MOTORNET: Solid citizens

Volvo V70/XC70 car review

SCOOP MOTORNET with Karl Ferguson
Images by Neil Mackenzie -


The good news is that when it comes to Volvo’s newest set of twins, the park brake represents just about the only niggle of any note – surely not a bad thing. I have long been a fan of Volvo’s handsome wagons and sedans, and while the latest design iteration could be labeled just evolutionary, for such large cars, they cut a dynamic and attractive profile. Both share design cues with the recently released S80 sedan – such as the larger corporate grille – but it is the XC70, or cross over, all-wheel drive wagon that has made the largest leap. While it still retains the moulded bumpers of the previous model, these are better incorporated into the design and the overall look is more cohesive. And while it achieves reasonable ground clearance and is still quite a tall car, it doesn’t appear quite as elevated as the old model.

Apart from the ride height, style detailing and the XC70’s AWD ability, the two vehicles are virtually identical. It would be easy to dismiss these Volvos as simply load carriers – in this respect, both have a strong card to play – and it’s one of the obvious traits that will ensure their market appeal to those with large families and those with equally sporty pursuits. The interior is cavernous and the backseats will happily accommodate three adults, even across long distances. The depth of the boot is impressive, while the width of the vehicles is such that large items are easily managed. As expected, the backseats can be manipulated every which way and will lie flat to ensure even the largest and bulkiest items are able to be transported.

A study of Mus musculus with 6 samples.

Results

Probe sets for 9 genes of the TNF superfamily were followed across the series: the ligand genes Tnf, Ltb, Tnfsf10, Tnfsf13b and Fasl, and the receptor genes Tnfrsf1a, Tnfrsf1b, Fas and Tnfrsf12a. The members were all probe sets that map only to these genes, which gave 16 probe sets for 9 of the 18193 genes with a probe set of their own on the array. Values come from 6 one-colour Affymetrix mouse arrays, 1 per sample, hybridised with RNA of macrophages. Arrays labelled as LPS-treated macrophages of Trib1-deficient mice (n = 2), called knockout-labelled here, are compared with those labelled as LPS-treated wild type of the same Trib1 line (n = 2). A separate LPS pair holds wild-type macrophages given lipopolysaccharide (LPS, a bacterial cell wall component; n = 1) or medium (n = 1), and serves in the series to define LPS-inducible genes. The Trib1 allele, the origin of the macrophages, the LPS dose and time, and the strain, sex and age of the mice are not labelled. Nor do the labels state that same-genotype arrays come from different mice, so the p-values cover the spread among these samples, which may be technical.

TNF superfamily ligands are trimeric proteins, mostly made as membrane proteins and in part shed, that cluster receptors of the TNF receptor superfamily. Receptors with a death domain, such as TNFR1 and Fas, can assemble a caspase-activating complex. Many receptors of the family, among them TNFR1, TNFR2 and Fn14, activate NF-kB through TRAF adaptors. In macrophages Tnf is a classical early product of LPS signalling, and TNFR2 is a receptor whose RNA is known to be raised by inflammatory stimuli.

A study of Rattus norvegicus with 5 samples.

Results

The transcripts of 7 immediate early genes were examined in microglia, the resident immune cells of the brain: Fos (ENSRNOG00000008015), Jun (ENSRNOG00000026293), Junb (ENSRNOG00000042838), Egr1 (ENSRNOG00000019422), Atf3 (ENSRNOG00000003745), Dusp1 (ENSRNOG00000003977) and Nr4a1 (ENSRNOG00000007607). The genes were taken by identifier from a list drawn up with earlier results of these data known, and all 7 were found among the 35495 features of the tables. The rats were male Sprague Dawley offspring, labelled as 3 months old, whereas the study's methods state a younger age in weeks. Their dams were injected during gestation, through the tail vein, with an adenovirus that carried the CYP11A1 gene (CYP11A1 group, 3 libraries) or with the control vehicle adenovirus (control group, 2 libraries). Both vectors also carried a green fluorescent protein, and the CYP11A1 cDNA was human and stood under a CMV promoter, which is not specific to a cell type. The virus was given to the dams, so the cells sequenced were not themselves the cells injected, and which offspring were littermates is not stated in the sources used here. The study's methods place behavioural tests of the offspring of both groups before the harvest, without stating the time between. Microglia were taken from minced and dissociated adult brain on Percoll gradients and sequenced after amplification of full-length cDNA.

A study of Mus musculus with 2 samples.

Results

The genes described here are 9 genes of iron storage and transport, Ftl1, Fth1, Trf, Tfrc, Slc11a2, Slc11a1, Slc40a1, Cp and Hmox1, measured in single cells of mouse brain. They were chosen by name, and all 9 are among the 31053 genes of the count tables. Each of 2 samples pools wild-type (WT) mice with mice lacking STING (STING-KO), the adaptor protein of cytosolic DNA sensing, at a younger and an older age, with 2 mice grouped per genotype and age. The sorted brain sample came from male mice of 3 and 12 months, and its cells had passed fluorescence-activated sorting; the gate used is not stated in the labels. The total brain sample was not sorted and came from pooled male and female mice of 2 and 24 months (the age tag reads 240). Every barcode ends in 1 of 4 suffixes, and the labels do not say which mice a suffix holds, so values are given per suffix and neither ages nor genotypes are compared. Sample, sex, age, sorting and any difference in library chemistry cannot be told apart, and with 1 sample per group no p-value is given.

On the road, both cars display good grip, and pretty predictable styling traits for large front drive or all-wheel drive vehicles. Personally, I found the steering on both models a little on the light side, and lacking in the ‘feel’ department. Not surprisingly, the V70 is the choice when it comes to hustling through corners. The XC70 tries hard, but its higher centre of gravity and soft suspension ensures that while it continues to provide confidence, it suffers from body-roll when really pushed through corners, somewhat diminishing any enthusiasm for hustling through the twisty stuff.

The soft suspension certainly ensures a plush ride though, and despite a bit of tyre noise in the XC70, both impress in this department – luxurious and comfortable are adjectives that spring to mind. Equipment wise, both come with plenty of kit as you might expect. Even so, I was a little surprised by the absence of a CD stacker as standard, and for such a large vehicle, parking sonars standard only on the rear and not the front. Having said that, pricing is fairly competitive when you compare it to similarly priced German offerings and the aging Saab 9-5. The V70 3.2 retails for $69,990 while the XC70 is another $10k. The diesel adds a further $5k premium again – no doubt ensuring prospective owners won’t dismiss the petrol versions lightly.

It would be easy to dismiss these Volvos as just the latest iteration of the tried and true in Volvo’s range of large wagons. And while it’s true that neither achieves anything dramatically new, both are supremely comfortable, well equipped, and competitively priced. More importantly, both make compelling arguments as to why a well sorted wagon will run rings around a more expensive and heavier SUV. Solid citizens they may be, but style and grace comes standard. If only they could fit a conventional handbrake for the New Zealand models…sigh.